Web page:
New York Students receiving federal financial aid for school may be surprised to learn that they can lose their financial aid if they are convicted of drug charges. The Free Application for Federal Student Aid (FAFSA) form asks whether you’ve been convicted of drug charges while on financial aid. If you answer yes, you will need to answer additional questions to determine your eligibility.
If you are ineligible for federal student aid
If you have been convicted of drug charges while on federal financial aid, your eligibility may be suspended. If this happens, there are a few ways to reinstate your financial aid.
You will need to take an approved drug rehabilitation course and successfully complete it. Another way to reinstate your financial aid is to pass two random drug tests given by the drug rehabilitation program. Should your eligibility for financial aid be reinstated during the school year, you must contact a financial aid office as soon as possible to receive this assistance again.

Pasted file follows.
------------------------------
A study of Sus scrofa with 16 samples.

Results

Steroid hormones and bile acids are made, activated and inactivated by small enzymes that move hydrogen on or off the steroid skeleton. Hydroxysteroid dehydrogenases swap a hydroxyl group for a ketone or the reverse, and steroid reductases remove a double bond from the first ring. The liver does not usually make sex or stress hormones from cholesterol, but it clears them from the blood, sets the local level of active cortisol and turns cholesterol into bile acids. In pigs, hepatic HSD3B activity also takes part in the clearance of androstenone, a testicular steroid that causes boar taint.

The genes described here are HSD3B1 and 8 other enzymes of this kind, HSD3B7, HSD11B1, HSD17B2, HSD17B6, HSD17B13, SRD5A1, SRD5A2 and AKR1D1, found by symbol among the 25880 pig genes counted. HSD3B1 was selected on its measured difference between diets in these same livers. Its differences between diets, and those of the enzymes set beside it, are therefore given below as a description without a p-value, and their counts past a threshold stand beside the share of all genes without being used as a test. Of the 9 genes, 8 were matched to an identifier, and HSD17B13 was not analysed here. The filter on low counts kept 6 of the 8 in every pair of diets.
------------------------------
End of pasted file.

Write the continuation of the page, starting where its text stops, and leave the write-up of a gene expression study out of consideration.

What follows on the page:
If you have recently applied for federal student aid
If you were convicted of drug charges after submitting your FAFSA but before being awarded financial aid, you can lose eligibility. You will also be responsible for repaying any financial aid you received while you were considered ineligible.
Past convictions do not automatically make you ineligible
Although you may be reluctant to answer “yes” to whether you’ve been convicted of drug charges in the past, it does not mean you are automatically ineligible for federal financial aid. Factors like whether you were tried as an adult, convictions removed from your record and if the convictions occurred when you were not receiving financial aid will factor into the final decision. Be certain to answer all questions asked on your FAFSA application truthfully.